The hotel industry here has become the first sector to get a dedicated five-year manpower strategy, under a national drive to equip students and local workers with industry-relevant skills.
The sectoral manpower plan, announced yesterday by Manpower Minister Lim Swee Say, is part of the SkillsFuture initiative and lays out five measures to upgrade and retain workers in the industry.
These include more structured internships, an Earn and Learn programme for polytechnic and ITE students, and a framework of new skills needed and career progression opportunities from operations level to senior management roles.
Mr Lim said the strategy, initiated by the Singapore Tourism Board and Singapore Workforce Development Agency, is important with the number of hotel rooms here due to rise by 20 per cent by 2020, boosting demand for workers.
But the ageing workforce, tight foreign worker inflows and rising aspirations mean that the supply of rank-and-file workers - who now take up around 65 per cent of the 35,400 jobs in the hotel industry - will grow at a slower rate.
"If we are prepared to... strive for better service with leaner manpower, we will not only have breakthrough in the short term, but also sustainable growth for the long term," Mr Lim said at the launch event at One Farrer Hotel and Spa in Farrer Park.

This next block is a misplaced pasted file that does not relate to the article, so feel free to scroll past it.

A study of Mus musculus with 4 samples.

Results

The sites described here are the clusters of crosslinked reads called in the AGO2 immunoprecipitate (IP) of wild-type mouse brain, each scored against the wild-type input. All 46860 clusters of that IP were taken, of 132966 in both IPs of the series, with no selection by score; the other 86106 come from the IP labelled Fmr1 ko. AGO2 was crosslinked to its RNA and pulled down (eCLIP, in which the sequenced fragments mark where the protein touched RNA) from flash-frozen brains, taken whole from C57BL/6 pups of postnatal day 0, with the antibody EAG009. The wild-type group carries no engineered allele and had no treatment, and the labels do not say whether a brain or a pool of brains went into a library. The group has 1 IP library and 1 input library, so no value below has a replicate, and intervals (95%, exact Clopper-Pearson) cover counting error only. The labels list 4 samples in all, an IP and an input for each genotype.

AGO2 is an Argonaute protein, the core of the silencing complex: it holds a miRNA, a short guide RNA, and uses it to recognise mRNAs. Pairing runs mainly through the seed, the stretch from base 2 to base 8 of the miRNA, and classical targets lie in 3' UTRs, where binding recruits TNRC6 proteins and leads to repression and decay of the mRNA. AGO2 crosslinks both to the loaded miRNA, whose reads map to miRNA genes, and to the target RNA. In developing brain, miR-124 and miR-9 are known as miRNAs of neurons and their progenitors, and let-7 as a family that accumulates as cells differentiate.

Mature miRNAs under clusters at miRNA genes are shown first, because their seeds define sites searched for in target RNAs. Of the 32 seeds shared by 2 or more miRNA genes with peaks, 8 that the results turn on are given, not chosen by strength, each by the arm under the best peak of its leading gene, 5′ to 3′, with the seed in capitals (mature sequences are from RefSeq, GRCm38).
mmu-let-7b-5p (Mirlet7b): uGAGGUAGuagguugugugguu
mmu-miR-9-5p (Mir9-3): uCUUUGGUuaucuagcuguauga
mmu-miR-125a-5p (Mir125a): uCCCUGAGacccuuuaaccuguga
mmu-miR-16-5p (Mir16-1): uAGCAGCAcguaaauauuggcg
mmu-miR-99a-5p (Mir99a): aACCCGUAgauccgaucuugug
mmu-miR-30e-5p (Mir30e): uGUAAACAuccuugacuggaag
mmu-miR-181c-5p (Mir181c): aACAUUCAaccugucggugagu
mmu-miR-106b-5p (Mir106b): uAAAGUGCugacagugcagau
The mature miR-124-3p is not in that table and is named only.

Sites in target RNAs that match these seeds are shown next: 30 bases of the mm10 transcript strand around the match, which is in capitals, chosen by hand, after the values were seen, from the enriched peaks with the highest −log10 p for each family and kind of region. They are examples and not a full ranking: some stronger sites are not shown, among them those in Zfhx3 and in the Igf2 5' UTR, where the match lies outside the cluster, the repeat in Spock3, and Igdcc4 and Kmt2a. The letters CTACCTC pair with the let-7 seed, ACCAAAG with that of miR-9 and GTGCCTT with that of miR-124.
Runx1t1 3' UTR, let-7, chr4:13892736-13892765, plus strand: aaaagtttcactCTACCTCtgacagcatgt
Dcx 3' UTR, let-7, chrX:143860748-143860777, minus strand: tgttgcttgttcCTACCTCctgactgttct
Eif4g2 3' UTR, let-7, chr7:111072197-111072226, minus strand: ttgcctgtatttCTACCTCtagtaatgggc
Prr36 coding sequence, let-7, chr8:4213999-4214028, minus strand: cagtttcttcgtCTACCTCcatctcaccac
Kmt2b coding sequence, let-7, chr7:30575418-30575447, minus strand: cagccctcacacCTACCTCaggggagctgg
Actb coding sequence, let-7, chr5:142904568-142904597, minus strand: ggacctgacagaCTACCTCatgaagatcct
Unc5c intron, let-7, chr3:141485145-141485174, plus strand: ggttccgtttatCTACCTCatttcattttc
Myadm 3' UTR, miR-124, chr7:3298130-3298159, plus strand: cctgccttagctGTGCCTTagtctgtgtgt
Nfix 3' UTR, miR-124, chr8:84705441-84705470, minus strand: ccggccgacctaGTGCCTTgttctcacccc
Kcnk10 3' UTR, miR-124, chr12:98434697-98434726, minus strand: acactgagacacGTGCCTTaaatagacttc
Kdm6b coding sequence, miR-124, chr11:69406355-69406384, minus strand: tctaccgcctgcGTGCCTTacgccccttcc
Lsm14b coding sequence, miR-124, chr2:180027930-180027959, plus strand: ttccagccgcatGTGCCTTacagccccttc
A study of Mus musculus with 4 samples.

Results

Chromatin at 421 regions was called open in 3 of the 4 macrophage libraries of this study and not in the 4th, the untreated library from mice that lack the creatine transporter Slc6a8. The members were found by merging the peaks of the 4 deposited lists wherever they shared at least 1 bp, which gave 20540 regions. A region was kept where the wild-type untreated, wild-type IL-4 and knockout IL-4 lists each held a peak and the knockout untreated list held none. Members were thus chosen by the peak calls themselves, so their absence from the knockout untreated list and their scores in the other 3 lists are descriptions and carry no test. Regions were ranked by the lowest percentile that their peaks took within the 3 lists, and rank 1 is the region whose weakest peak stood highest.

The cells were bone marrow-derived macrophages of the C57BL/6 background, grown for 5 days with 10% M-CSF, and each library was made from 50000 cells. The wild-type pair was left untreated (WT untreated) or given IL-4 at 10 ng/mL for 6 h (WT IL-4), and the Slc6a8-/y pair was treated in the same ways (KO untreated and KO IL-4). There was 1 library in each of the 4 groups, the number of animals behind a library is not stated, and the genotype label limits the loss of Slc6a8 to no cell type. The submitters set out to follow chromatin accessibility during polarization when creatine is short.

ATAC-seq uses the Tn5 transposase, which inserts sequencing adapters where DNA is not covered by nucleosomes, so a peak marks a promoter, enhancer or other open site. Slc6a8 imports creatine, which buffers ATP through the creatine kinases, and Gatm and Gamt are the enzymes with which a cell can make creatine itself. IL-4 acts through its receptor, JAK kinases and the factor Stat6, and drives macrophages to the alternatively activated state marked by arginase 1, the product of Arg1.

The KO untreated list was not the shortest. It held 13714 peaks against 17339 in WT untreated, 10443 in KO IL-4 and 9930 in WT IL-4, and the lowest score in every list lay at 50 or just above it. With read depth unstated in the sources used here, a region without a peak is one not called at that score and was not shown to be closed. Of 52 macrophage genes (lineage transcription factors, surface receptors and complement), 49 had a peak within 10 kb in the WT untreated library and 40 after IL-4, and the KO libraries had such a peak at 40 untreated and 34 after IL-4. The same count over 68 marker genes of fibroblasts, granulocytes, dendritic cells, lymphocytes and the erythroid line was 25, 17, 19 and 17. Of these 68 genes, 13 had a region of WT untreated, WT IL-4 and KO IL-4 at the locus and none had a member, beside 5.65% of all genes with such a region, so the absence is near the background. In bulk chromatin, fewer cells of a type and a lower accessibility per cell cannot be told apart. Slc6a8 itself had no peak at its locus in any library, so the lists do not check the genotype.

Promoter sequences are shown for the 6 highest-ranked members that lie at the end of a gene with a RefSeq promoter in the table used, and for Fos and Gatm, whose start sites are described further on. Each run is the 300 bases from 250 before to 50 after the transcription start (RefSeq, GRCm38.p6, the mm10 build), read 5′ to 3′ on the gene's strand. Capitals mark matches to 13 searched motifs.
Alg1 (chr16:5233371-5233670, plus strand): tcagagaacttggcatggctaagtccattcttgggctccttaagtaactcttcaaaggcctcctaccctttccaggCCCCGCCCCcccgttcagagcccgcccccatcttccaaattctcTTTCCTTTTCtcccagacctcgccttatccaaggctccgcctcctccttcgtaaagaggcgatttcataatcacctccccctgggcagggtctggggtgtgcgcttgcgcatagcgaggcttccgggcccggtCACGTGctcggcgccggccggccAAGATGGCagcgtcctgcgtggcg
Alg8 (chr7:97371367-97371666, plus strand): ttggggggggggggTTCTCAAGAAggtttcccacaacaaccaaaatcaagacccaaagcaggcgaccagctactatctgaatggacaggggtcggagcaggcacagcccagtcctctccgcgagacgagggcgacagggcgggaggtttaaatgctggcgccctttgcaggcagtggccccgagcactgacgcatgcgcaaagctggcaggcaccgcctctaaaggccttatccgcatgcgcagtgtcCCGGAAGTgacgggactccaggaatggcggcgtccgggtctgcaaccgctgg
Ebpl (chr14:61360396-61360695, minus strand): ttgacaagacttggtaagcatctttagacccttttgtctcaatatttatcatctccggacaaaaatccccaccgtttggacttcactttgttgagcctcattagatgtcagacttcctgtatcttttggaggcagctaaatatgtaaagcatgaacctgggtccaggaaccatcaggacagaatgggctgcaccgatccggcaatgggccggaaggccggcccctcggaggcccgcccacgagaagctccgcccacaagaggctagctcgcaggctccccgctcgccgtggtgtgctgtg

Being the first sector to launch its manpower strategy "shows how serious we are about grabbing the bull by the horns", said Singapore Hotel Association executive director Margaret Heng.
A total of 32 hotels - including Grand Park City Hall and Resorts World Sentosa - and two hotel groups have signed up for the first Earn and Learn programme.
They will receive funding of up to $15,000 a trainee to provide on-the-job training for fresh hires from polytechnics who will spend a year studying for a diploma in hospitality business management.
There will be 60 trainees in the first batch and a similar programme for ITE graduates is also in the pipeline.
Internships for hospitality students at polytechnics and ITE have also been standardised.
They previously lasted from 12 to 24 weeks with monthly stipends of $450 to $1,000, depending on the institution. They should now last half a year and have allowances of at least $600.
Experience in at least two departments is also recommended.
Republic Polytechnic student Bay Si Xiang, 21, is serving an internship as a housekeeping coordinator at Four Seasons Singapore and will move to laundry operations next.
He said: "I'll be able to better understand the departments and be more ready for the industry."
The manpower plan should make hospitality careers more attractive and reduce the likelihood of students moving to other industries, according to National Trades Union Congress Hospitality and Consumer Business Cluster chairman Tan Hock Soon.
"The new skills ride on technology and form new jobs," he said. "This will make workers more employable."
Sectoral manpower plans, first announced by Deputy Prime Minister Tharman Shanmugaratnam in this year's Budget, will be launched for more than 20 key sectors such as the social services, healthcare, and retail and food services.